HANOI, June 1 (Reuters) - Copper prices rose on Tuesday, helped by recovering global demand, supply threats from a labour dispute in Chile and a weaker dollar.
Three-month copper on the London Metal Exchange was up 0.5% to $10,306 a tonne at 0706 GMT, while the most-traded July copper contract on the Shanghai Futures Exchange was up 0.6% to 74,160 yuan ($11,632.94) a tonne.
“Prices have increased on the back of a firm uptick in demand as the world outside of China recovers, increased money supplies and supply issues in both China and Chile,” said commodities broker Anna Stablum of Marex Spectron in a note.
“In China, power issues have cut some smelter production,” she said.
A strike by workers for BHP’s Escondida and Spence copper mines in Chile entered its fifth day on Monday as the union awaited a decision by labour authorities over whether substitute workers the company called in are legal.
The dollar traded under pressure as investors waited for the next batch of U.S. and European data to shape the outlook on interest rates.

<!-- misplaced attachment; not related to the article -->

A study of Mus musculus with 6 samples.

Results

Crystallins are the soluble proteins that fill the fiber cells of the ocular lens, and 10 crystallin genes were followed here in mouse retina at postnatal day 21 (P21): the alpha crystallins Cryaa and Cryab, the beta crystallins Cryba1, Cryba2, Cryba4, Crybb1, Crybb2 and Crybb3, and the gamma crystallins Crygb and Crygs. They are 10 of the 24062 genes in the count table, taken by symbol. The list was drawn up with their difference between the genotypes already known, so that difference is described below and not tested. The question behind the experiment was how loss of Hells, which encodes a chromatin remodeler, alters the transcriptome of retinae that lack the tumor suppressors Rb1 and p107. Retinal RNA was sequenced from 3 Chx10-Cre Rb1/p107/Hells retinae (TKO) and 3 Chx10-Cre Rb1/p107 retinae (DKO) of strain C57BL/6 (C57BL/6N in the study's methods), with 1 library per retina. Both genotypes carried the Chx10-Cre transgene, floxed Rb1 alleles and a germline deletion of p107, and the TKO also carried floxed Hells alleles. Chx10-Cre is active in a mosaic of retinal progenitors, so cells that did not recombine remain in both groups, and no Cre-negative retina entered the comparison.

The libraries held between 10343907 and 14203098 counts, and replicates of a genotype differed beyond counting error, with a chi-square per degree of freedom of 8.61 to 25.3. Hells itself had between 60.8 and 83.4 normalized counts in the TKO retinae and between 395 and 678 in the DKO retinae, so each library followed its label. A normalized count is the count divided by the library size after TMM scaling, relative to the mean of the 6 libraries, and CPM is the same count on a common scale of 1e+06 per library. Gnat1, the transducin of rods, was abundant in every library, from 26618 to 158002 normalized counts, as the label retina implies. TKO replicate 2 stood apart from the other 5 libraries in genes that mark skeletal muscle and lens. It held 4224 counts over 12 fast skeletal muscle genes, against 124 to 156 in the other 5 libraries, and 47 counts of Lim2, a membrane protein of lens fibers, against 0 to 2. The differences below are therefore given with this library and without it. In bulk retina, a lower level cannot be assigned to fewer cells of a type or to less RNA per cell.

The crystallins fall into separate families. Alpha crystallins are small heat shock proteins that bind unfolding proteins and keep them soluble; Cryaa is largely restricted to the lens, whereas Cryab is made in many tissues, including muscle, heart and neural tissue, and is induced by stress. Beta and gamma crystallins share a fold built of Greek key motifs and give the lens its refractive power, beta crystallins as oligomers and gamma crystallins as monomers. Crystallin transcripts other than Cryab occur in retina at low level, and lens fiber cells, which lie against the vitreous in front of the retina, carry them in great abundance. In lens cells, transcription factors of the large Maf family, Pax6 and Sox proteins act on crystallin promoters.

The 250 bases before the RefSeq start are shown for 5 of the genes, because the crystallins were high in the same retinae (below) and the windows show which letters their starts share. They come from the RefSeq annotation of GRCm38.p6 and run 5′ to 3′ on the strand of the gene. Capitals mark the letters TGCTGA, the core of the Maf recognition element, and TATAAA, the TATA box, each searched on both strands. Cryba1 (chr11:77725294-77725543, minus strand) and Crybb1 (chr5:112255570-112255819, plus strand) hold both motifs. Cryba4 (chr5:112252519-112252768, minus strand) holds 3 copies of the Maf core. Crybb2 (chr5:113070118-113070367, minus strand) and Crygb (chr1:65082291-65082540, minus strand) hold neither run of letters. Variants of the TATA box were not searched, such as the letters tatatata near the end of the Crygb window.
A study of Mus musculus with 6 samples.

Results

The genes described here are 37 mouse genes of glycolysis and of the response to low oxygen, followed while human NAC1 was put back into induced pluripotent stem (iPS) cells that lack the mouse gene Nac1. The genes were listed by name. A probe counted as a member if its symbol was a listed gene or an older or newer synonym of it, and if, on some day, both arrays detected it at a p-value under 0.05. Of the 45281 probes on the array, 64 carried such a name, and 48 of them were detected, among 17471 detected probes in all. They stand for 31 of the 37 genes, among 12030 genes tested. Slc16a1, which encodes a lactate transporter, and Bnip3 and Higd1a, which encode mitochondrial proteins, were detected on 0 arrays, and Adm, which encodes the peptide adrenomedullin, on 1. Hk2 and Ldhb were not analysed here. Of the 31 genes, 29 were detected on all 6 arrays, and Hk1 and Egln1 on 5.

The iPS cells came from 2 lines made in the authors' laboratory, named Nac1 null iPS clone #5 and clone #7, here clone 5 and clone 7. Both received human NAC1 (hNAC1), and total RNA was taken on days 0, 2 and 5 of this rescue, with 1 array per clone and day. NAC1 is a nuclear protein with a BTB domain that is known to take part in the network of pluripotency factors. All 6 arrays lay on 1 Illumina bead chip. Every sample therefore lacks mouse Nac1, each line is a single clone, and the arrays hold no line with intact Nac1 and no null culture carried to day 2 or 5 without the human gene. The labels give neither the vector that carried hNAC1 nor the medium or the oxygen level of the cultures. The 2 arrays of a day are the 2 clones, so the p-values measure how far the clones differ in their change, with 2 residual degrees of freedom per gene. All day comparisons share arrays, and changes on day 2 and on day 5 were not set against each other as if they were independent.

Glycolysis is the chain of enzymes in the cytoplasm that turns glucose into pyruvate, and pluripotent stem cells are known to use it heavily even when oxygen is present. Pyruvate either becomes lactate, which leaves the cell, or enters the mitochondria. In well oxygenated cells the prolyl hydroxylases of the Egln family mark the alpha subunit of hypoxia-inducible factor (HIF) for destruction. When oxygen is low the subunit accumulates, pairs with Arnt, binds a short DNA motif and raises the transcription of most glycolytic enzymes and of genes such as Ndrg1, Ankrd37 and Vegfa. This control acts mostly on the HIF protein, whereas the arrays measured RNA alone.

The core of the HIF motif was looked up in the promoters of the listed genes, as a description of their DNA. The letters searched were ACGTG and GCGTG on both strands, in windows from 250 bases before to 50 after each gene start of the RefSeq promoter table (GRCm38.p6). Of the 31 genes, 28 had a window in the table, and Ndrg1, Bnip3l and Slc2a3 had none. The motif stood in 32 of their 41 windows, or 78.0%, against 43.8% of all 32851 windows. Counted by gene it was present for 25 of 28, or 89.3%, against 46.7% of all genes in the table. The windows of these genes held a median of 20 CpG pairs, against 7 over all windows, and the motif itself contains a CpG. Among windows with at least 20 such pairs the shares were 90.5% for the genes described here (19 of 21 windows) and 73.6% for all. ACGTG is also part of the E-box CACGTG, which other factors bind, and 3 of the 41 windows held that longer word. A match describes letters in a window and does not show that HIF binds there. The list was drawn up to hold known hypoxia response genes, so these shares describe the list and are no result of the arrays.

A weaker dollar makes greenback-priced metals cheaper to holders of other currencies.
* LME aluminium rose 1% to $2,507 a tonne, nickel increased 1.5% to $18,390 a tonne and zinc advanced 0.8% to $3,083.50 a tonne.
* ShFE aluminium increased 0.3% to 18,875 yuan a tonne, nickel was up 2.1% to 134,920 yuan a tonne while tin shed 1.3% to 206,000 yuan a tonne.
* China plans to strengthen controls in high-emission industries such as aluminium to promote low-carbon developments, the environment ministry said on Monday.
* China’s factory activity growth slowed slightly in May as raw material costs grew at their fastest pace in over a decade, weighing on the output of small and export-oriented firms.